Activity in the country's services sector improved somewhat this month, but the results are still well below business-as-usual.
The BNZ-Business NZ Performance of Services Index (PSI) rose to 37.2, up 11.5 points from its lowest ever reading in April, when New Zealand was in lockdown.
A reading above 50 points indicates growth, and below contraction.
BNZ senior economist Doug Steel said despite the boost month-on-month there was no denying the result remained woeful.
"We'd caution that just being allowed to open doesn't guarantee more activity. [The level] still sits well below the lows at around 45 recorded during the 2008-2009 recession."
"Combining the PSI results with similarly weak readings from the Performance of Manufacturing through April and May reinforces our thinking that [quarter two] GDP will show a massive decline - we think in the order of 18 percent."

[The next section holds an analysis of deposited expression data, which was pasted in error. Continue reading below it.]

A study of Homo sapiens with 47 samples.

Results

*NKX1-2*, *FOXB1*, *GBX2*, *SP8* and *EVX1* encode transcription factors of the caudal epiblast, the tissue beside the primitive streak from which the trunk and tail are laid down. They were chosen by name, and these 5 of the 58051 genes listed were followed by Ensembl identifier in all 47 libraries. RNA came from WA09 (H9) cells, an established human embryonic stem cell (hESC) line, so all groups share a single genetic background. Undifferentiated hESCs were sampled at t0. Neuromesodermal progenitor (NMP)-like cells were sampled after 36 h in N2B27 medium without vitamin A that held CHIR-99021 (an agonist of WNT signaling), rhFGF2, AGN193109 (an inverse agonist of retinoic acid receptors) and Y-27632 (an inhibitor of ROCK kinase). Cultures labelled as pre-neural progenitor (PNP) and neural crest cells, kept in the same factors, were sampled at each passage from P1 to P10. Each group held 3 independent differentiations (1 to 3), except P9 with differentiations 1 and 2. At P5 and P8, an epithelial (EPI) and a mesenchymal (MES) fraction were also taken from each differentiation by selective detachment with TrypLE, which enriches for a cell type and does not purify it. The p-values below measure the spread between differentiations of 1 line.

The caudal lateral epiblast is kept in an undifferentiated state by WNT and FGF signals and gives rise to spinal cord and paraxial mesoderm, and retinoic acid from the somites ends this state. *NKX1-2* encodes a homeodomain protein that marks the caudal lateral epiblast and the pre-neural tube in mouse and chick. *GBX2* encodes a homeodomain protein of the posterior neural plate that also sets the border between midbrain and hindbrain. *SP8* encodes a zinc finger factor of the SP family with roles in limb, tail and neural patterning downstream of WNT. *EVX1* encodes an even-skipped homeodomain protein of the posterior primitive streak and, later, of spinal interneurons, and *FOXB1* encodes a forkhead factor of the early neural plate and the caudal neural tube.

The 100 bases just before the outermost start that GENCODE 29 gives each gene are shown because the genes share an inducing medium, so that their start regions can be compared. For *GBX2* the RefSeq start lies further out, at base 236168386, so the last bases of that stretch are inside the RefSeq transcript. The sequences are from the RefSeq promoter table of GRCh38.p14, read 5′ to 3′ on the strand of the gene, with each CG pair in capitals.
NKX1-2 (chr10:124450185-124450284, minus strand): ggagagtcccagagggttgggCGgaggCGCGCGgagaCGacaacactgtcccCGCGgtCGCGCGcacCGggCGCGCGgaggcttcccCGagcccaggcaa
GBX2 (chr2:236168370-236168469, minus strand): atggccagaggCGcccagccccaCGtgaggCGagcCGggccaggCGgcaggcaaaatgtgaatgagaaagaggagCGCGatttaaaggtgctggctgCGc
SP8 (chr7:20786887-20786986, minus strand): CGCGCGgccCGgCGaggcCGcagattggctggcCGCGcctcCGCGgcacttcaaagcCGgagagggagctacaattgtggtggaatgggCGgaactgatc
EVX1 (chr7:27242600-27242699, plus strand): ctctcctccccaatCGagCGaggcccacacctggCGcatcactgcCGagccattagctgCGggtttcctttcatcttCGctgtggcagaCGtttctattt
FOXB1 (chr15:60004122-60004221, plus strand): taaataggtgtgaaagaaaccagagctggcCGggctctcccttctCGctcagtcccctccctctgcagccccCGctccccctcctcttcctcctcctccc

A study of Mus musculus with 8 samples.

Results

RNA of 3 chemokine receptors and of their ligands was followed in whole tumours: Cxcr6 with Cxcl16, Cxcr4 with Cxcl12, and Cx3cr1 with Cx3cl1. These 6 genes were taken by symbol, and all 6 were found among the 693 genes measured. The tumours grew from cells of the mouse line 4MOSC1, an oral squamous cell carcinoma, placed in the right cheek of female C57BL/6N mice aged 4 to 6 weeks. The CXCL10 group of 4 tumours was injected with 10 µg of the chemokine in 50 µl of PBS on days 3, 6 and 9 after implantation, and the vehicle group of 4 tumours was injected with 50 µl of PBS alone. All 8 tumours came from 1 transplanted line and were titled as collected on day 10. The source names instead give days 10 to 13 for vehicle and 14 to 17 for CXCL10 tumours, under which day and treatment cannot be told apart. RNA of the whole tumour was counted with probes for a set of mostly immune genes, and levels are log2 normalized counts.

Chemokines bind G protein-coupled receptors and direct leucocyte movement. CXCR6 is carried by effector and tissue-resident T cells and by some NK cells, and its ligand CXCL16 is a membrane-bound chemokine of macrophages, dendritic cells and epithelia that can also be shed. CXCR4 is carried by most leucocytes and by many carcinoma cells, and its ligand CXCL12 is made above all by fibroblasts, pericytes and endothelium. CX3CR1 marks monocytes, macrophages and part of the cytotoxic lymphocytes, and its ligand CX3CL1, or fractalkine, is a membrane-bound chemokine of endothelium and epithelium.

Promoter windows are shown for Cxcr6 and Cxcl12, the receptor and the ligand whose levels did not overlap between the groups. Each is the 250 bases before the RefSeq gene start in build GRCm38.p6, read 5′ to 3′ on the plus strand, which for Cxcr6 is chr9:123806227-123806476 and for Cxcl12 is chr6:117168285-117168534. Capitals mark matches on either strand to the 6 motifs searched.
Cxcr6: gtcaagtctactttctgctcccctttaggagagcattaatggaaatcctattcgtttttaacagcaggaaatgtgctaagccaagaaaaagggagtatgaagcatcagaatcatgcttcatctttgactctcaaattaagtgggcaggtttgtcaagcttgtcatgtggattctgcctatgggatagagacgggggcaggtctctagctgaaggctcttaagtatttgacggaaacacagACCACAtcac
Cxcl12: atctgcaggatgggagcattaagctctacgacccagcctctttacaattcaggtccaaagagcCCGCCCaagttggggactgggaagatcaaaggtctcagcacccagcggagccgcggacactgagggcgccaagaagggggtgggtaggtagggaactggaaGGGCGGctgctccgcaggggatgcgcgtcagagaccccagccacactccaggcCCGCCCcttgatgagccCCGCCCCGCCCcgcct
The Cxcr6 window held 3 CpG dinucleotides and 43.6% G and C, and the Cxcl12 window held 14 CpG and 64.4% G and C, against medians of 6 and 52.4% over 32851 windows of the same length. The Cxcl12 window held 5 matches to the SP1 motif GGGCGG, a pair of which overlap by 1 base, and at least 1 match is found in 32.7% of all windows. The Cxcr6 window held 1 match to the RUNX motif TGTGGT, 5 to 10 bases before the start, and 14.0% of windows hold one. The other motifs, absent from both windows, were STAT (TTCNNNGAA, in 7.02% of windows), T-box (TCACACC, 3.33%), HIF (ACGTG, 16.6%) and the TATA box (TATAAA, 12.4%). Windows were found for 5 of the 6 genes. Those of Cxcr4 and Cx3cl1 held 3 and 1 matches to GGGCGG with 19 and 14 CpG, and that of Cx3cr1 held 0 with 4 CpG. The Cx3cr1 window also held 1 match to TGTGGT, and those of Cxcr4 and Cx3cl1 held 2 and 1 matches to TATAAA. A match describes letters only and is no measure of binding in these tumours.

Steel said electronic spending through May, although up on April data, was still down on this time last year and was unlikely to be sustainable.
"In short, it is a move in the right direction but there is still a long way to go. Put another way, it is a bounce off a very low base.
"And higher spending on consumables and durables likely included a good dose of pent up demand post lockdown, so the degree of strength is unlikely to be sustained for too long."
He said, like the PMI, employment levels were the only indicator to get worse between April and May and more job losses were expected in the third quarter than in the second.
"Illustrating the considerable pain in the labour market even before the huge wage subsidy scheme scales down. The trajectory of these indicators is consistent with our view that official figures for the labour market will likely get worse before they get better."